Not quite had your fill of food posts just yet? Check out our beautifully visual list of the 30 best breakfasts from around the world. Plan your next culinary adventure or just get a little adventurous with breakfast at the weekend.
By Darren Crocker, From First to Last
Scottish cuisine. What’s not to like?
Who needs al fresco dining when you can skip lunch, head to the pub, stagger home at 3am with a lasagne pie – that’s a lasagne in a pie folks and yes, it does exist – and share your chips with seagulls the size of eagles? Besides, catching that one day of sunshine a year when you can actually sit outside, is never guaranteed.
Being Scottish myself, I feel obliged to add before I compile this list that trying all eight within a short period of time may result in you needing a place to lie down or at worse, an ambulance.
Joking aside, (no promises) Scotland boasts some of the finest natural produce that is respected worldwide: famed for our high quality seafood and meat, we are a small country that packs a large culinary punch. We have plenty to be proud of but of course, generally, with high quality comes a high price tag. So with that being said, you won’t be breaking the bank with these eats, but you may end up breaking your diet.
To answer a common question, haggis traditionally consists of sheep’s liver, heart and lung minced with suet (fat), onion, oats and spices and encased in sausage casing (sheep stomach originally) for cooking. Sound good? No? I totally get where you’re coming from but trust me, haggis is delicious. Readily available in most pubs, butchers and supermarkets and commonly served with mashed potato (tatties) and neeps (turnip) there is nothing flashy about our national dish. Good, honest, food that will guarantee to leave you satisfied. Who needs finesse anyway?
There are two places you are likely to find stovies in Scotland: A working man’s pub; And a late night bakery. Simple in its execution – potatoes, beef, onions, butter/fat and stock confined to one pan – stovies should be served with oatcakes and beetroot. Winter food at its best and my personal favourite.
3. Full Scottish Breakfast
Said to cure even the worst of hangovers, (still to be proven on me) a full breakfast is somewhat of a Sunday morning ritual for bleary eyed party goers, early and late risers alike – many cafés will even offer breakfast all day. What exactly a breakfast consists of is open to debate but generally you can expect: Bacon, egg, sausage, beans, black pudding, (which I’ll get to later) tattie scone, tomato, mushrooms and toast, all washed down with a pot of tea or coffee and orange juice. You know, for vitamin C. Oh, and a newspaper is essential.
4. Cullen Skink
Representing soups – and fish (shout out to Arbroath Smokies) – Cullen skink consists of smoked haddock, potatoes and onions and is a local speciality of the town of Cullen in the North-East, however, you will find it on many Scottish menus nationwide. This soup is seriously tasty and although quite heavy – depending on the cream, butter and milk content – you will find yourself wanting more. Fresh, toasted bread is not optional – it’s mandatory.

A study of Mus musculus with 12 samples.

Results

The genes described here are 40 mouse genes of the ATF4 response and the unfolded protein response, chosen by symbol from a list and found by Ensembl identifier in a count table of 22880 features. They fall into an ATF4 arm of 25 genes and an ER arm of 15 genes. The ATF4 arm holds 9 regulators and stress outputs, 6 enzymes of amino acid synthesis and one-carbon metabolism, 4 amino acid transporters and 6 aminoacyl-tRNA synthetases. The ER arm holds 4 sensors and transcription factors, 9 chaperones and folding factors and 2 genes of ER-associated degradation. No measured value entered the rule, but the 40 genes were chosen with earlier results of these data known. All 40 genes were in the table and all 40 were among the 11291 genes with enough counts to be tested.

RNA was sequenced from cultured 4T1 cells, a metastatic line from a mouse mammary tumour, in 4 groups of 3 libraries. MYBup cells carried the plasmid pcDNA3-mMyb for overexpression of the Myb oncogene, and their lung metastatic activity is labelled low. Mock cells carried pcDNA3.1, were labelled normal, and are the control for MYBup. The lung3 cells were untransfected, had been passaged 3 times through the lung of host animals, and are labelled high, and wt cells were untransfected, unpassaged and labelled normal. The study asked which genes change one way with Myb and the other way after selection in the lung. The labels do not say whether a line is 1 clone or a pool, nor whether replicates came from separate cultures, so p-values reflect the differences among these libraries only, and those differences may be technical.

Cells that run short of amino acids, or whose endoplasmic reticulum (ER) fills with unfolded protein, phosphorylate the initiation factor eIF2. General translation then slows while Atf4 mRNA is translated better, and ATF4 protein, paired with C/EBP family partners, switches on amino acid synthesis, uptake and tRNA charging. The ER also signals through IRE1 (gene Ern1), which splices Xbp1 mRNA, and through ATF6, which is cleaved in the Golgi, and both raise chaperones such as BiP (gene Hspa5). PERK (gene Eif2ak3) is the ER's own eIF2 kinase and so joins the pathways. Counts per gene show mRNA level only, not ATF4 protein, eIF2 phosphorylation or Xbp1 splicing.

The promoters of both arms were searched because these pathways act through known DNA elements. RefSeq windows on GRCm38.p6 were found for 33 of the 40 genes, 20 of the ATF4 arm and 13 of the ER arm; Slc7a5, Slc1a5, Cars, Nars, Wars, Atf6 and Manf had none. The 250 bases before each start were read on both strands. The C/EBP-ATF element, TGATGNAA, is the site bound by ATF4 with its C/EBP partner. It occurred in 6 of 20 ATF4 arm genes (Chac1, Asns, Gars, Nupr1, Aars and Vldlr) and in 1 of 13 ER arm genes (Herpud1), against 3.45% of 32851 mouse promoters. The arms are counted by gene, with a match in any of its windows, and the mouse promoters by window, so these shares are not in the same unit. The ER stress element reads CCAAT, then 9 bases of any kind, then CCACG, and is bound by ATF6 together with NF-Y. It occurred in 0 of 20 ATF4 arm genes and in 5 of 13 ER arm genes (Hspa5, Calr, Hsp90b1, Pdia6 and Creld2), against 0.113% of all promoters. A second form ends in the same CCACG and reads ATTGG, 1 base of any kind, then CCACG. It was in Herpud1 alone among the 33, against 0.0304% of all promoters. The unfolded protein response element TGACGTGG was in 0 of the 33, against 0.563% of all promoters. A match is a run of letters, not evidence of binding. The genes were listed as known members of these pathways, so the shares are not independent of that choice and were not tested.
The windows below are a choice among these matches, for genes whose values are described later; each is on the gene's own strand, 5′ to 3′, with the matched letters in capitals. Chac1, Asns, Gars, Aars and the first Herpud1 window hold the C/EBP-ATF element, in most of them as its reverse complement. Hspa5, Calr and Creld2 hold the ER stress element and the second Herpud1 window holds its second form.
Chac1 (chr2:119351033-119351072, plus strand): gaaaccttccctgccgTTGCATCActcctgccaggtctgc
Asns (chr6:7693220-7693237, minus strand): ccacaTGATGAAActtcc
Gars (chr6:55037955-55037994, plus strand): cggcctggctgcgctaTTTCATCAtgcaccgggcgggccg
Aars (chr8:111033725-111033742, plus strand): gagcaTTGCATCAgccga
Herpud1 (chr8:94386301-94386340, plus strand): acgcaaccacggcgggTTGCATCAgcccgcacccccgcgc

Walk into any take away chip shop – commonly referred to as ‘chippy’ or ‘chipper’ – and you will see rows of prepared food from steak pies to pizza to the ever popular fish and chips – by and large referred to as a ‘fish supper’. And of course, most places would happily make a battered Mars bar for you.
As an alternative, why not try a pudding? – not to be confused as something sweet as in Scotland we also call dessert ‘pudding.’
Made primarily of blood, varied meat and oatmeal, black pudding is common in Scotland with Stornoway on the Isle of Lewis being particularly famous for having fantastic and good quality pudding. You will also likely find white pudding – without blood – ready to take away as well as red pudding which is similar to black but less common.
Ever present on the dessert menu of many Scottish hotels, Cranachan is a crowd pleaser: Cream; honey; whisky-soaked oats and raspberries. I don’t know about you, but add a coffee on the side and I’m pretty much sold. One of your five a day as well. Done deal.
Common throughout the North-East of Scotland, it is said rowies were originally created for sailors going on long journeys out to sea; The high fat content was designed to keep the rowie – also known as a ‘buttery’ – from going stale. Consisting primarily of flour, salt, lard, oil/butter and usually spread with jam, you may need to work a bit harder on the treadmill after a morning rowie. Think of a flat croissant but forget the flat stomach.
Traditional Scottish dishes aside, foreign cuisine is just as much a part of Scotland’s identity. With a multi-cultural country comes multi-cultural food; from Polish to Turkish, Scotland boasts a healthy and diverse café/restaurant scene.
Glasgow in particular is famous for a great curry serving up regional classics as well as crossing over to the likes of a haggis pakora. There is some serious quality to be found and at competitive prices so hunting down a good curry house is a must in Scotland. Being that curry is one the nations favourite, you won’t be searching for too long.